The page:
Italian Social Marketing Network Newsletter 154



The use of social media by surgeons is not only encouraged, but should be seen as an obligation to patients and colleagues to help disseminate impor-tant information. In a rapidly expanding digital revolution, engagement in social media allows surgeons to network with the community and leverage content to a wide audience while owning their online presence.

It has been over a decade since the conception of social media, and despite its nearly ubiquitous use in modern life, many phy-sicians have opted out of participating in this platform. The main barriers to social media use for physicians seem to be lack of time, lack of perceived value, as well as concerns about personal and patient privacy.1 Currently, Facebook has over 1 billion active users and Twitter has over 300 million active users, with studies demonstrating that 84% of adults use the Internet and spend an average of 6 hours per week on social media,2,3 figures that are rising each year (Fig. 1).

Overall, consumers cite three key things that could improve the doctor-patient relationship: greater connectivity, better convenience via text and online tools, and more time with the doctor. Brands and marketers alike have many things to consider in today’s ever-changing healthcare landscape. Are patients happy with their relationships with their healthcare providers? How likely are they to switch doctors? What could be improved with the doctor-patient experience? How do people want to be communicated with by their providers’ offices?
Among the three generations, Millennials are the least satisfied with their doctors and are most likely to switch practices. Not surprisingly, the researchers found that they are also the generation that is most likely to want to receive e-mail and text communication from offices.
Generation X
Many Generation Xers control healthcare decisions across multiple generations, and their preferences and satisfaction levels both fall somewhere between younger and older consumers. Overall, the researchers found that they are fairly similar to Millennials, with an openness to digital communication and to switching providers.
Baby Boomers
Baby Boomers, the biggest consumers of healthcare services, are the least likely to switch doctors. However that doesn’t necessarily mean they’re happy: less than half are satisfied with their current providers. Boomers are also the generation least interested in receiving communications from doctors’ offices digitally.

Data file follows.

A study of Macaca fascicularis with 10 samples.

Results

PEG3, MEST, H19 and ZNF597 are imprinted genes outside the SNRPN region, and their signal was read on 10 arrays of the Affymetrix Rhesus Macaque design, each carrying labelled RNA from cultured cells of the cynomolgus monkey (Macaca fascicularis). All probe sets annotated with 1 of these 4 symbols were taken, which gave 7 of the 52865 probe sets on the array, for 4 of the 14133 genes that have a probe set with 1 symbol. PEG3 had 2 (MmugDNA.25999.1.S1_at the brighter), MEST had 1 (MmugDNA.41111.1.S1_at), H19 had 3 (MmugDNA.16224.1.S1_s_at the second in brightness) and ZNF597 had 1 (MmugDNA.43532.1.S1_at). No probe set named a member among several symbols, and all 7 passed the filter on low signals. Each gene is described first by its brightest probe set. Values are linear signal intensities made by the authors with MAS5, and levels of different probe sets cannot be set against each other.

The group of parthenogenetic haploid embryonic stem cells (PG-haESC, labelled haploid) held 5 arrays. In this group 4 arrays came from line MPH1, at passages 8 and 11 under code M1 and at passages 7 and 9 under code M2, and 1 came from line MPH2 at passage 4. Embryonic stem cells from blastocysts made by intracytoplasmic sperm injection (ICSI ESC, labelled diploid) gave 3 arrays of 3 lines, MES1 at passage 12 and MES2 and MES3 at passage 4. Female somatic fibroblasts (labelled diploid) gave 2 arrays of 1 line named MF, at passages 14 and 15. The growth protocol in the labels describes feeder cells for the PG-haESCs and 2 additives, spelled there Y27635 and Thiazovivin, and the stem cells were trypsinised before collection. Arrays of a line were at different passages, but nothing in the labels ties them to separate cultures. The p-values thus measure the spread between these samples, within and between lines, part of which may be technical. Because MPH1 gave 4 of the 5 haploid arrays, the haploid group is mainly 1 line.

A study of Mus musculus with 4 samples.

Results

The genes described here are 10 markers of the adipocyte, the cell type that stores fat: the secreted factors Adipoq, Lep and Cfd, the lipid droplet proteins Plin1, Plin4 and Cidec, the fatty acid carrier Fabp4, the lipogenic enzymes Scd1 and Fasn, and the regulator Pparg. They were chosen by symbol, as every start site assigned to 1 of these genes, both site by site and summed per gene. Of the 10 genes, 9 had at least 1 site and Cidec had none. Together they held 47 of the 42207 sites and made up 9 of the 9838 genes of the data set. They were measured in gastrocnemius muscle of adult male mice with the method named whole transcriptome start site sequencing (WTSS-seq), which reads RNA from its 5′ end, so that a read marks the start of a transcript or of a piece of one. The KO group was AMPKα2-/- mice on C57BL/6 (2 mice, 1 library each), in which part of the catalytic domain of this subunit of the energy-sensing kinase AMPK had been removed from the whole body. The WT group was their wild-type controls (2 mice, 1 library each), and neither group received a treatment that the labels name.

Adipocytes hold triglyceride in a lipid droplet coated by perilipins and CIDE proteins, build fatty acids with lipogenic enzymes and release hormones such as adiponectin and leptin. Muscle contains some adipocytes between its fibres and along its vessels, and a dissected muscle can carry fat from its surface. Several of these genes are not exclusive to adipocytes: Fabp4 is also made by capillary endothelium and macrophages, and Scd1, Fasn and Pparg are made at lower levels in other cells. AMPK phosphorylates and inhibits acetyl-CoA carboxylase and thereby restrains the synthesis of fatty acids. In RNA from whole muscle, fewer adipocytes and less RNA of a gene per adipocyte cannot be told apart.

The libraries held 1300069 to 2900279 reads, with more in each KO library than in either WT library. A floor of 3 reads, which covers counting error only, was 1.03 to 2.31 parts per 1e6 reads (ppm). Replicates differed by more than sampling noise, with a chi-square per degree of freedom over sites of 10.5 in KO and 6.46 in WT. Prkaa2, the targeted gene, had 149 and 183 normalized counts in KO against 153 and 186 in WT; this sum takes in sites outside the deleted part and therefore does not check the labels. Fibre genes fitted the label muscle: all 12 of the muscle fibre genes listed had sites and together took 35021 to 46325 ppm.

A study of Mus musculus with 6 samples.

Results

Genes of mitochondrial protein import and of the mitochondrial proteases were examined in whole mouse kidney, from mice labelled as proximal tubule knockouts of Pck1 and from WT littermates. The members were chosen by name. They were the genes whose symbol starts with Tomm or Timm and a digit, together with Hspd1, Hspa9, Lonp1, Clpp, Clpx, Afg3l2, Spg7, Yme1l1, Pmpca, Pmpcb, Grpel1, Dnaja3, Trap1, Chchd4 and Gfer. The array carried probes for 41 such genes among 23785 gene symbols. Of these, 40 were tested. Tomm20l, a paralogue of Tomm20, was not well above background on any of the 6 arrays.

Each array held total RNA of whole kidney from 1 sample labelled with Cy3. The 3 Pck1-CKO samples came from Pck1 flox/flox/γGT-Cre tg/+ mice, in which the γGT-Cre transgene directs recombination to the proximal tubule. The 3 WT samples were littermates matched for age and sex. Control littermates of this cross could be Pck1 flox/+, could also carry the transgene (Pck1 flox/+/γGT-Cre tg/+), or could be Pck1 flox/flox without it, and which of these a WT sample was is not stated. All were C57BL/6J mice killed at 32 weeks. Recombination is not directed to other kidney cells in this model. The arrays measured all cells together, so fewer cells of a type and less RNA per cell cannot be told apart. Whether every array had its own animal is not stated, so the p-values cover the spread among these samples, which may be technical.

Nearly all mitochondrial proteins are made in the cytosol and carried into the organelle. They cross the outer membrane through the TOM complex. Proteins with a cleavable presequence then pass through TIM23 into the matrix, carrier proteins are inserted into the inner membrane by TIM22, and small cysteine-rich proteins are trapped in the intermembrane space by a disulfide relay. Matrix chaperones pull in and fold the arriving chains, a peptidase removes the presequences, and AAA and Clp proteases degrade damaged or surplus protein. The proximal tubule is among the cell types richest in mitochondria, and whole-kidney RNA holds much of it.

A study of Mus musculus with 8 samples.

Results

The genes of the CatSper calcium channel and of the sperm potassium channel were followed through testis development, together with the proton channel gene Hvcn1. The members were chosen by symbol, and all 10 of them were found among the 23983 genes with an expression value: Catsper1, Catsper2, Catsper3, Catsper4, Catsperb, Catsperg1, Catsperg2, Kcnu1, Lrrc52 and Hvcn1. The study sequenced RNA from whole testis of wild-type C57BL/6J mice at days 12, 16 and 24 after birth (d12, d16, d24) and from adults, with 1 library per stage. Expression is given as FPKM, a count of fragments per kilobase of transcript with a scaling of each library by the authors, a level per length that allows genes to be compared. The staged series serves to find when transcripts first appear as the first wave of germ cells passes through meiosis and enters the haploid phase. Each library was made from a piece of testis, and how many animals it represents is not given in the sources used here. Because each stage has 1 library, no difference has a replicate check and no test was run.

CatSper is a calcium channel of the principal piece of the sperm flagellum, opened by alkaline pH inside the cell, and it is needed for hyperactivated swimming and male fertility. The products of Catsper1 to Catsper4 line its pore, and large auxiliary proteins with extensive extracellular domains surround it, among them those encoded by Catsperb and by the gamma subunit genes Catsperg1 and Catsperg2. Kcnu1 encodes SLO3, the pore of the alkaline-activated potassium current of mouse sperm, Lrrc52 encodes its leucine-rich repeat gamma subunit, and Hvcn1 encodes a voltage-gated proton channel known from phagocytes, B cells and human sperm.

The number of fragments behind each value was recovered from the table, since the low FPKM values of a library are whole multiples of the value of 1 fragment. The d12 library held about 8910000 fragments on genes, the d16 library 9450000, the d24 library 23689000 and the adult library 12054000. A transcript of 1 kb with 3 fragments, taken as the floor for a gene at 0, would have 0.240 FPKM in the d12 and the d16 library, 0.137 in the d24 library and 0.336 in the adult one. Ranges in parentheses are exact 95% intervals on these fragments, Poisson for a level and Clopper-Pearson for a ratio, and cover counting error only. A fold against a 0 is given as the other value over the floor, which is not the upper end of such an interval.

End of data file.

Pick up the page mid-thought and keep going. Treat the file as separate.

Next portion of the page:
Secondo il pensatore tedesco Hans Jonas l’uomo si realizza in un sano pensiero filosofico, evitando gnosticismo e storture scientiste Per non diventare delle «formiche tecnologiche»
«Che l’immagine dell’uomo non vacilli, si offuschi e sbiadisca, che gli uomini non si riducano a formiche tecnologiche o edonisti senza anima o marionette frastornate dal nostro furibondo potere». A cosa attingere per evitare questa deriva? All’uso adeguato della filosofia che instrada verso la vita buona e all’esercizio della virtù? Sono dilemmi che hanno il sapore dell’attualità benché sollevate da Hans Jonas nel 1955. Potrebbe d’altro canto essere diversamente se «le questioni filosofiche – puntualizzava il pensatore sei anni prima – si ripropongono ad ogni nuova epoca tanto daccapo, quanto alla luce della loro intera vicenda storica antecedente?». Le citazioni provengono dalle annotazioni del filosofo appartenenti alla sua stagione canadese, dal 1949 al ’55.

A cura di Piergiorgio Ferretti, Maurizio Gottin – ASL TO4

1) RunKeeper – RunKeeper sfrutta il GPS dello smartphone per raccogliere informazioni sulla corsa: inoltre è possibile attivare un “allenatore virtuale” per migliorare il tempo di corsa con un programma di allenamento specifico, ricevendo messaggi incoraggianti. RunKeeper può anche impostare passeggiate, contare i passi, misurare gite in bicicletta, canottaggio, sci e altro ancora; in generale è adatta per controllare qualsiasi sport di spostamento lungo un percorso.
2) Runtastic – App gratuita per iPhone e Android ideale per lo sport all’aperto. Come un personal trainer permette di programmare gli allenamenti e controllare i risultati nella corsa e nel ciclismo. Anche questa App sfrutta il GPS per registrare i percorsi ed i progressi delle sessioni di corsa nel tempo. Di questa applicazione esiste inoltre una versione non gratuita progettata per il fitness e gli esercizi di ginnastica e palestra da fare anche a casa: Runtastic Results – .

An announcement on January 24 didn’t get the large amount of attention it deserved: Apple and 13 prominent health systems, including prestigious centers like Johns Hopkins and the University of Pennsylvania, disclosed an agreement that would allow Apple to download onto its various devices the electronic health data of those systems’ patients — with patients’ permission, of course.
It could herald truly disruptive change in the U.S. health care system. The reason: It could liberate health care data for game-changing new uses, including empowering patients as never before.
Since electronic health records (EHRs) became widespread over the last decade, there has been growing frustration over the inability to make electronic data liquid — to have it follow the patient throughout the health system and to be available for more sophisticated analysis in support of improved patient care and research. Most efforts to liberate and exchange health data have focused on getting doctors and hospitals to share it with one another. Those efforts continue, but progress has been slow.